To help someone to prepare for something. My daughter struggles with public speaking, so I coached her for the debate.
See also: coach
drive a coach and horses through (something)
To expose the flaws in something, such as a statement, argument, or belief. Primarily heard in UK. The suspect had said he wasn't there that night but then drove a coach and horses through that idea with today's contradictory statement.
coach someone for something
to train or drill someone in preparation for doing something. Elliott coached his roommate every night for the contest. Juan coached Alice for the play.
See also: coach
drive a coach and horses through something
Fig. to expose weak points or "holes" in an argument, alibi, or criminal case by [figuratively] driving a horse and carriage through them. (Formal. Emphasizes the large size of the holes or gaps in the argument.) The barrister drove a horse and carnage through the witness's testimony. The opposition will drive a coach and horses through the wording of that government bill.
drive a coach and horses through somethingmainly BRITISH
If you drive a coach and horses through an agreement or an established way of doing something, you destroy it or change it completely. The judgment appeared to drive a coach and horses through the Hague agreement. Ministers are driving a coach and horses through the plans.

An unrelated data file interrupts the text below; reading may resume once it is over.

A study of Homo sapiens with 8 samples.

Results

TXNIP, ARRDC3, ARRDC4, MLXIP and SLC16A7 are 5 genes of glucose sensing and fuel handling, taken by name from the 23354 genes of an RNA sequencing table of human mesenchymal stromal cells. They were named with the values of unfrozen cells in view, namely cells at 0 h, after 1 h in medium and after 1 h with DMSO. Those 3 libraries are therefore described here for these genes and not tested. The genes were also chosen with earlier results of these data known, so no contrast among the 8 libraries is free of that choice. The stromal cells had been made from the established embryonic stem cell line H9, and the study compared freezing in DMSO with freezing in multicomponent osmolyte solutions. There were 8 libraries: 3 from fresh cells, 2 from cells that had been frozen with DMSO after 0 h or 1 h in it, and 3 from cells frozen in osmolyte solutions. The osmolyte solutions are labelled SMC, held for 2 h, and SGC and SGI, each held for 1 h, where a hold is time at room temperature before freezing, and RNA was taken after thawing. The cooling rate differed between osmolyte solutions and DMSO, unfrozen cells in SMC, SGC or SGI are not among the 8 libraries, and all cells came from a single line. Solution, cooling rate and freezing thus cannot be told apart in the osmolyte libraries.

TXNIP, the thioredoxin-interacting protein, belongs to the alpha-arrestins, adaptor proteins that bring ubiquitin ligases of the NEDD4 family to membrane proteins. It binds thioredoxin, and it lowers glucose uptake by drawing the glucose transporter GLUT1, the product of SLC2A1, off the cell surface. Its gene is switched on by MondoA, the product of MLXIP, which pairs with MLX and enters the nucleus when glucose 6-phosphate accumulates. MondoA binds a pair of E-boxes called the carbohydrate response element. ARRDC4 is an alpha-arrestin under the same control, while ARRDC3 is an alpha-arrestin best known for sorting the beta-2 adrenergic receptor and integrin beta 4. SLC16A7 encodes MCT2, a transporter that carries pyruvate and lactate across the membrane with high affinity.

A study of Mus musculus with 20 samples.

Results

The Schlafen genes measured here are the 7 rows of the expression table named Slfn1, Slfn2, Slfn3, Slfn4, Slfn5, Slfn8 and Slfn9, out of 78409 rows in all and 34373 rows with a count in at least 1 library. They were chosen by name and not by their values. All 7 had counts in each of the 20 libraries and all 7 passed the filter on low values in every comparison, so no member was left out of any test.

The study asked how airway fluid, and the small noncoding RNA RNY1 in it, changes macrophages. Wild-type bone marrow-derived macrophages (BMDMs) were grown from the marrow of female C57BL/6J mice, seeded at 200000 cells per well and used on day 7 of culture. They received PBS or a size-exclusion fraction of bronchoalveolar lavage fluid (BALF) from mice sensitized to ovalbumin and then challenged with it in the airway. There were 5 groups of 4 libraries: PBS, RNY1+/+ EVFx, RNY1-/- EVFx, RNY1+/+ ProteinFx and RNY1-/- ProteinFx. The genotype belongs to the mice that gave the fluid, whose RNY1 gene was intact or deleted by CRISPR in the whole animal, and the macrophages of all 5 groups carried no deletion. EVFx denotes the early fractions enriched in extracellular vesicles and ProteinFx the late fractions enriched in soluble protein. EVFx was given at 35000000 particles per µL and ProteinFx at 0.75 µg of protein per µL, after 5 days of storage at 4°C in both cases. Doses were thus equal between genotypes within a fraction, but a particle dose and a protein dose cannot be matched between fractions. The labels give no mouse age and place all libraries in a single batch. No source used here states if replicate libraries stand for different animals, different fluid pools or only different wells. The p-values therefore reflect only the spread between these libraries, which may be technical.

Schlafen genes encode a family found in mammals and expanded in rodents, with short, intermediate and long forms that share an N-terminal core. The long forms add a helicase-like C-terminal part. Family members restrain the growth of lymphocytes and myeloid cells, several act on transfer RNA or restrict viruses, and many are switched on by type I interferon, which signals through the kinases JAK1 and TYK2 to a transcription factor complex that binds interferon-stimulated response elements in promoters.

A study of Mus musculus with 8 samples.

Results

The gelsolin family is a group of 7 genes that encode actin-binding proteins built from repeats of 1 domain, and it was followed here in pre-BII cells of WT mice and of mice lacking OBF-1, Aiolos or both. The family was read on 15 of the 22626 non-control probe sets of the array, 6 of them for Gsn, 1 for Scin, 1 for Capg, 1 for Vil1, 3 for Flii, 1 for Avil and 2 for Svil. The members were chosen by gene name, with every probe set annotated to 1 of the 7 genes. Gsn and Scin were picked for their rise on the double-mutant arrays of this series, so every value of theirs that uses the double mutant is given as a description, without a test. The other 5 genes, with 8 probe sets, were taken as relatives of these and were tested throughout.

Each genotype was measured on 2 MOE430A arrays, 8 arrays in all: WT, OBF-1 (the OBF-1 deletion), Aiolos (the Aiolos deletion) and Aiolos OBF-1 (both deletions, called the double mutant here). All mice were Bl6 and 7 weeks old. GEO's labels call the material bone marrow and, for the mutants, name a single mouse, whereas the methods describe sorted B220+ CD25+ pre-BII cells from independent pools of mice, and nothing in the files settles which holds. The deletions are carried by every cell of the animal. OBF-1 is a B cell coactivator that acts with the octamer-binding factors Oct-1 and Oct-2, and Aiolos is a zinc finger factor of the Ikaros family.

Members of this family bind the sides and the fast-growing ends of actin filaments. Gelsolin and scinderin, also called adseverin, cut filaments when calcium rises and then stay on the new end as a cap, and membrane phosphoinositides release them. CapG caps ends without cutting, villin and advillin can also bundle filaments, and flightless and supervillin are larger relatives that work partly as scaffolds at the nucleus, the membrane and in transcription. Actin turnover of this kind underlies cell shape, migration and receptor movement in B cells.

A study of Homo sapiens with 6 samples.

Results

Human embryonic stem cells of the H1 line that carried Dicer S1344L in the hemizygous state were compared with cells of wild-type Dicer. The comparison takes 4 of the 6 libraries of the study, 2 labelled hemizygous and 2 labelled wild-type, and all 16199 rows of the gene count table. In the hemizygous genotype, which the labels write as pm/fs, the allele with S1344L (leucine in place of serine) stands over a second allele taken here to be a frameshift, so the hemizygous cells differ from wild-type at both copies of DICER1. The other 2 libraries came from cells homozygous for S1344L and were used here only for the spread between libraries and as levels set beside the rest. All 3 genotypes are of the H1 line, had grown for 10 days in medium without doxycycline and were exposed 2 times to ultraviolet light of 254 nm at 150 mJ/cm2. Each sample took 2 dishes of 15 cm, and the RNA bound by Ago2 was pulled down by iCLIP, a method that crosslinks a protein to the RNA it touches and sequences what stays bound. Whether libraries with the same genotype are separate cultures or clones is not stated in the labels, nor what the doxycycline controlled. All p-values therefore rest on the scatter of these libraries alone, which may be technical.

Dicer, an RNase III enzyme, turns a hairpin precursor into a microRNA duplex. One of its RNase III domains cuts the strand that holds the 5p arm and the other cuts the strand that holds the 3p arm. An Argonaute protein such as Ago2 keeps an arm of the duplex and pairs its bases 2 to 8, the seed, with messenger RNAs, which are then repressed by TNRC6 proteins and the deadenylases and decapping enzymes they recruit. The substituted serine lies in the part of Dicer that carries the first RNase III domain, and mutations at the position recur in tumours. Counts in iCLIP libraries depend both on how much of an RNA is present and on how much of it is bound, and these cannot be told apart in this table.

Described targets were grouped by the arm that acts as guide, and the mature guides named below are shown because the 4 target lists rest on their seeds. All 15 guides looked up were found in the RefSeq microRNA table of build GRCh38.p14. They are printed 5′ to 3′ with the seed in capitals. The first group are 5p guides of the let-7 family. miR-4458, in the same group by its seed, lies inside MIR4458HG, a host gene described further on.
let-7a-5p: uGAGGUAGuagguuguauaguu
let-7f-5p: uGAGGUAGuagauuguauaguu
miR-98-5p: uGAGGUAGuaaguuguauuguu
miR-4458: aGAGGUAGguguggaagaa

drive a coach and horses throughmake something entirely useless or ineffective. British
An early example of this idiom is found in this statement by the Irish lawyer Stephen Rice ( 1637–1715 ): ‘I will drive a coach and six horses through the Act of Settlement’. Early versions of the phrase also refer to a space big enough to turn a coach and six (or four ) (i.e. horses) in, but the context, following Rice's declaration, is very often that of rendering a law or regulation ineffective.
1997 Spectator A coach and horses was driven through one of the guiding principles of American statecraft.
drive a coach and ˈhorses through somethingsucceed in avoiding certain rules, conditions, etc. in an obvious and important way, without being punished: The wage increase we’ve been given is three times the government’s limit. We’ve driven a coach and horses right through their pay policy.
n. a mobile snack truck. (The term was revived in the Persian Gulf War.) The roach-coach pulled up in front of the dorm every night about eleven.